Lessons for the Next QDDR

By: Diana Ohlbaum and Connie Veillette | 29-Jul-2013

This article originally was posted on the Center for Strategic and International Studies website here.

 

 It’s hard to believe that it’s been two and a half years since the first Quadrennial Diplomacy and Development Review (QDDR) was released to much fanfare in December 2010. Yet, since the final product was a year and a half in the making, it’s time to begin the process anew. As Secretary of State John Kerry and his team prepare to make decisions regarding whether and how to repeat the effort, here are five lessons we took from the last go-round:

1. Do it for the right reasons. The point of the QDDR is not to have a glossy public relations brochure or to fight turf wars. It’s to challenge the assumptions behind our foreign policy, identify the gaps and weaknesses in our civilian capacity to carry it out, and set out a path toward making the necessary changes. Last time, it seemed the entire QDDR process was motivated by the State Department’s desire to ensure that the Presidential Study Directive on Global Development, which was under way at the same time, did not infringe on the department’s authority by giving too independent a voice to the U.S. Agency for International Development (USAID). Unfortunately, the legislation that the State Department supports to mandate the QDDR would cement the department’s upper hand and give USAID no formal standing in the process. If the point is to better integrate diplomacy and development in support of U.S. foreign policy, then the task at hand is how to use both tools to their greatest effectiveness while recognizing and exploiting the unique contributions of each.

2. View consultation as an opportunity, not a formality. Consultation needs to be done at two key stages in the process: at the outset, when deciding the key parameters and focus areas of the review; and once there are some clear ideas about the choices to be made and potential recommendations. The first QDDR was broadly consultative within the State Department and USAID, requiring a high level of involvement by a large number of people over a long period of time. The problem was that you cannot expect the bureaucracy to come up with ideas about how to reform itself, and what emerged from the process was a “least common denominator” document that reflected neither bold new thinking nor the administration’s political imprint. As a result, the secretary’s inner circle chose to rewrite it virtually from scratch. This provoked a high degree of frustration and cynicism among those who had put so much time and effort into it. At the same time, consultations with Capitol Hill, nongovernmental organizations, the private sector, and even with other U.S. government agencies, were little more than status updates, which offered no opportunity for meaningful exchange of views. This deprived the authors of potentially valuable feedback that could have been used to determine which ideas had the most political support and which ones would encounter the most resistance.

3. Include security assistance. The first QDDR was so heavily focused on using development assistance as an instrument of civilian power that it forgot all about security assistance: arms sales, military training, counternarcotics and counterterrorism assistance, law enforcement cooperation, and the like. While focus is a good thing (see recommendation #5), this omission seemed more like an oversight than a deliberate choice. Security assistance falls squarely under the State Department’s purview, yet it remains almost entirely unexamined for impact and effectiveness. It’s time for the department to see the entire range of foreign assistance tools as worthy of review and improvement. Interestingly, despite numerous studies—internal and external—flagging the need for better monitoring and evaluation of security assistance, the State Department continues to fight any inclusion of security assistance in legislation requiring greater transparency and accountability of foreign aid.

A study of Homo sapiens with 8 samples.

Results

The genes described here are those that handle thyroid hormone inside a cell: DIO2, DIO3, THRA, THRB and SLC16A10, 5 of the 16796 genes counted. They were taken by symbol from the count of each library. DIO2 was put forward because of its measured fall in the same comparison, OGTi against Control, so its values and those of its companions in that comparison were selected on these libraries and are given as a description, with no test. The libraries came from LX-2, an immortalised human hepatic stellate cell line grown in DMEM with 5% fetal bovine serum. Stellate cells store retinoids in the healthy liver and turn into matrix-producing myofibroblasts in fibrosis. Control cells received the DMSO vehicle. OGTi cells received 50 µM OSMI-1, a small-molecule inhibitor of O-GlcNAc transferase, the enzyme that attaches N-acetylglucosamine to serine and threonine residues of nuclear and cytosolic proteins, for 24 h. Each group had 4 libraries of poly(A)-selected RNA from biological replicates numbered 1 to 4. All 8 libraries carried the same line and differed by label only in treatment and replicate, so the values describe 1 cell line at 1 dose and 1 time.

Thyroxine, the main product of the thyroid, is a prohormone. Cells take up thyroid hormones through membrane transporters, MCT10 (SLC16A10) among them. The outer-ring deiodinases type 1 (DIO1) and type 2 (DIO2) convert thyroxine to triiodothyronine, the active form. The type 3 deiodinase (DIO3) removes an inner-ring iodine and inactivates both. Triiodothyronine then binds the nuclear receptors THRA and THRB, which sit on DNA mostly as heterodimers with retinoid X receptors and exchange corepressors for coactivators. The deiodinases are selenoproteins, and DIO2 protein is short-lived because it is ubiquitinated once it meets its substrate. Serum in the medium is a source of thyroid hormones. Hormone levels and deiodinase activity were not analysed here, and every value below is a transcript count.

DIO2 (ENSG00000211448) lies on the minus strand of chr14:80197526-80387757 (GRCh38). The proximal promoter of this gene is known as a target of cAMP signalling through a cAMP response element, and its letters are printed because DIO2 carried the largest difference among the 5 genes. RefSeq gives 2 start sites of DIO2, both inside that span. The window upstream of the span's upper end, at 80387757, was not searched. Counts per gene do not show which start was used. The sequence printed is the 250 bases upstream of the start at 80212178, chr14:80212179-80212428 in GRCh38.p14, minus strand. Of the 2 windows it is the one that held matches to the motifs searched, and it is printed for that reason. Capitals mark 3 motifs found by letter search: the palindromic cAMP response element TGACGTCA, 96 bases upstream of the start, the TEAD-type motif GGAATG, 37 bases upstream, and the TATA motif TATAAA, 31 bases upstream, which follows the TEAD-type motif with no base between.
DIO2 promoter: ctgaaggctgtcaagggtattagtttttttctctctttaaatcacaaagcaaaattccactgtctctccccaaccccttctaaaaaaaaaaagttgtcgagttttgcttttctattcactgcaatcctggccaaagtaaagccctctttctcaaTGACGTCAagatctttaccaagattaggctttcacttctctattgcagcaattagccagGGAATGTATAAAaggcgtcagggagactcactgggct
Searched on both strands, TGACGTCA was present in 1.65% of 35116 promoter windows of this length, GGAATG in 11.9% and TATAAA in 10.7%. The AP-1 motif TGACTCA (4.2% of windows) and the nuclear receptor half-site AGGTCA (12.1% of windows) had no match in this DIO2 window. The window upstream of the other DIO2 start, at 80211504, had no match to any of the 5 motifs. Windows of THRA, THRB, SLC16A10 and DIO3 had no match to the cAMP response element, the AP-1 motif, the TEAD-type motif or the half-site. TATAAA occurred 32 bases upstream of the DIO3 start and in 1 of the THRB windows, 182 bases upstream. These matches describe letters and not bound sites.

4. Don’t forget about implementation. The exhaustive effort that went into the first QDDR left no energy or appetite for its execution. Several key figures left the administration shortly after its completion, and the job of developing an implementation plan never quite got off the ground, other than a few isolated pieces. Instead of making an implementation plan an afterthought, make it part of the QDDR process—or at least assign it the same level of priority as the big-picture strategy. Doing so will require a third stage of consultation, focused on those who would be carrying out the changes or whose current modes of operation would be altered.

5. Focus. There is no end to the number of foreign policy challenges facing the United States nor a limit to the number of course corrections that can be made. Instead of trying to fix everything all at once, with limited budget and personnel resources, it may be worth focusing on a given subset of issues over the next four years. Perhaps it could be modernizing the structure, training, rules, and incentives of the Foreign Service. Or building a better toolkit for preventive diplomacy. Or integrating new technologies and improved data collection into U.S. foreign policy development and execution. The National Security Strategy already sets out a grand vision for the United States role in the world; the QDDR would be a far better use of everyone’s time if it resulted in an agenda for change that was realistic and achievable.

 

Diana Ohlbaum is a senior associate at the Center for Strategic and International Studies (CSIS) in Washington, D.C. Connie Veillette is also a senior associate at CSIS, a senior fellow at the Lugar Center, and an adjunct professor at George Washington University.